There’s always been a tension between two realities of business management today. On one hand, advantage is transient. On the other, corporate identity is slow to change. The capabilities that make companies truly great are slow to develop and can’t be built overnight. If they could, they wouldn't be worth very much because anyone could copy them.
Rita Gunther McGrath, associate professor of management at Columbia Business School, has documented that the factors that used to bring automatic success to companies over time—like scale or market position—are increasingly unreliable. And it’s getting worse with technological disruption, globalization, and regulatory shifts.
How do we resolve this tension? What should companies do? One current hypothesis has suggested that agility is the answer. Companies with the power to move quickly and easily to a different product mix or position will make the right move.
At Strategy&, we did some research on that premise, and our findings were counterintuitive. They were not what most chief executives might expect.
We looked at what we called “the world’s biggest losers.” Out of the world’s largest companies (those with more than a billion dollars in enterprise value on January 1, 2002), these were the ones whose value dropped more than 10 percent over the next 10 years. We tried to understand what went wrong. Was it operational issues? Was it compliance blunders? External shocks? Or was it strategy mistakes?
We found that 80 percent of the value destruction in the world’s biggest losers was a result of strategic blunders. It wasn’t fallout from natural disasters or major market shifts, but the decisions and actions made and controlled by the companies themselves that got them in the most serious trouble. In other words, companies succeed when they move in the right strategic directions, not when they move opportunistically.
So we started to look at the winners. Specifically, we looked at companies that had a reputation for being successful because of what they consistently did better than anyone else. Our list includes such well-known capable companies as Amazon, Apple, Danaher, IKEA, Haier, Natura, and Starbucks. We studied them and realized that their greatest strength wasn’t agility—in the sense of always responding quickly to external events. They were proactive, but also very measured and consistent about the big, strategic choices they made.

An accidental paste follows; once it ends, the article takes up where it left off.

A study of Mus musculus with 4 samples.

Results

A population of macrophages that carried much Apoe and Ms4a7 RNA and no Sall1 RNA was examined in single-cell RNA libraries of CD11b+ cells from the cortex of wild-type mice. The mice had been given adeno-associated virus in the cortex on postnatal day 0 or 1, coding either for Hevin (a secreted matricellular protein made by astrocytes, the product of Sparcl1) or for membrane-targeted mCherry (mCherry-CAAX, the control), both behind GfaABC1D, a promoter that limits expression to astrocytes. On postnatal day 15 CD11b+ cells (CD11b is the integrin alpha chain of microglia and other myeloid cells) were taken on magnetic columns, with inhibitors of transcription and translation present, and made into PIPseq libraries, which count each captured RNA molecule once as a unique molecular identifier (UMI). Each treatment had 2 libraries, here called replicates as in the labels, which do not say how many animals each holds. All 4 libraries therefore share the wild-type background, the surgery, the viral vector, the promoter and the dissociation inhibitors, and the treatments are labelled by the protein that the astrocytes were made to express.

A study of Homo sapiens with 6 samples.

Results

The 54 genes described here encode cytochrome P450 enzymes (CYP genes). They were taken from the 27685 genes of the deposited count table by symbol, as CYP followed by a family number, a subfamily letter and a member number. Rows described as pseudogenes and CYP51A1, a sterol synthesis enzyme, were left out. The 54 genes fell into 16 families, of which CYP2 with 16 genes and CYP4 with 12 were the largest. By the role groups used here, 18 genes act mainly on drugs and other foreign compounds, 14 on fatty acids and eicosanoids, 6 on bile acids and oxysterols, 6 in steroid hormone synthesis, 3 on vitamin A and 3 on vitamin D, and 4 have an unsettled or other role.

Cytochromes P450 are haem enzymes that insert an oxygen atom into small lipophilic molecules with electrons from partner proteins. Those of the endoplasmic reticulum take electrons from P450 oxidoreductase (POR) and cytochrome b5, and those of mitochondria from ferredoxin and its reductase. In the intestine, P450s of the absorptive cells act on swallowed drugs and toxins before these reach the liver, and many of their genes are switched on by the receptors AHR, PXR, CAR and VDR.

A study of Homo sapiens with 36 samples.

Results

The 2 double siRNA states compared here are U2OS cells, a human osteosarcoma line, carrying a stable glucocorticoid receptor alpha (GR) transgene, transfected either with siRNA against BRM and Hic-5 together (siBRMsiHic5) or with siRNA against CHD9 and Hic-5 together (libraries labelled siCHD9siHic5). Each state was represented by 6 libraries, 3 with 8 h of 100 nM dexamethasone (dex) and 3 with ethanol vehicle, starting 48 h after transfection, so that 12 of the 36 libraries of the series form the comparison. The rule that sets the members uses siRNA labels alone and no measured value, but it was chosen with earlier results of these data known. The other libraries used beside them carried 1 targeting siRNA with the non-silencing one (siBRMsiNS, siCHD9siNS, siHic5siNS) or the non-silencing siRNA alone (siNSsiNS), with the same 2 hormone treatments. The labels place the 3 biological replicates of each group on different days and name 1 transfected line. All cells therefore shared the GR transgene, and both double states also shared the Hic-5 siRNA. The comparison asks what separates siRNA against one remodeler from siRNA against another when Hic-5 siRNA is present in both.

Five things in particular stood out that made these companies capable and successful. We call them “unconventional acts” because they contradict the assumptions that many businesspeople make about management success:
1. These companies stay true to who they are. You might hypothesize that the most dynamic, agile strategy is the best strategy, but that’s not what these companies followed. They commit to an identity and play the strategy long game
2. They get out in front and shape what their customers want. You could expect these companies to assiduously research what consumers want or demand, and to respond accordingly. These companies don’t do that. They anticipate customer desires and create demand.
3. They translate their strategic intent into the everyday. You might think that success is driven by adopting the best practices of a company’s industry or by developing functional excellence, but that’s not their focus. They build the capabilities that matter most and execute relentlessly and flawlessly.
4. They put their culture to work. You’d assume in today’s fast-changing market companies should be able to reorganize on a dime. These enterprises celebrate what is already great about their culture, leveraging their existing behaviors to make themselves more powerful and effective
5. Finally, they cut costs to grow stronger. You might suppose that success comes from managing expenses across the board or directing investment rapidly to new opportunities. Not in these capable companies. They treat expenses as investments, doubling down on the capabilities that matter most in terms of bringing value to the market.
If agility is chasing opportunities presented to you by a chaotic market, then agility is not a recipe for success. It’s a guarantee of incoherence and volatile performance. But if you stay true to your identity, aware of your unique strengths and where your capabilities add the most value over time, then you won’t just be agile. You’ll be “smart agile.” Yours will be a truly capable company that will win in the market: today and over time.
Agility alone is a guarantee of incoherence and volatile performance.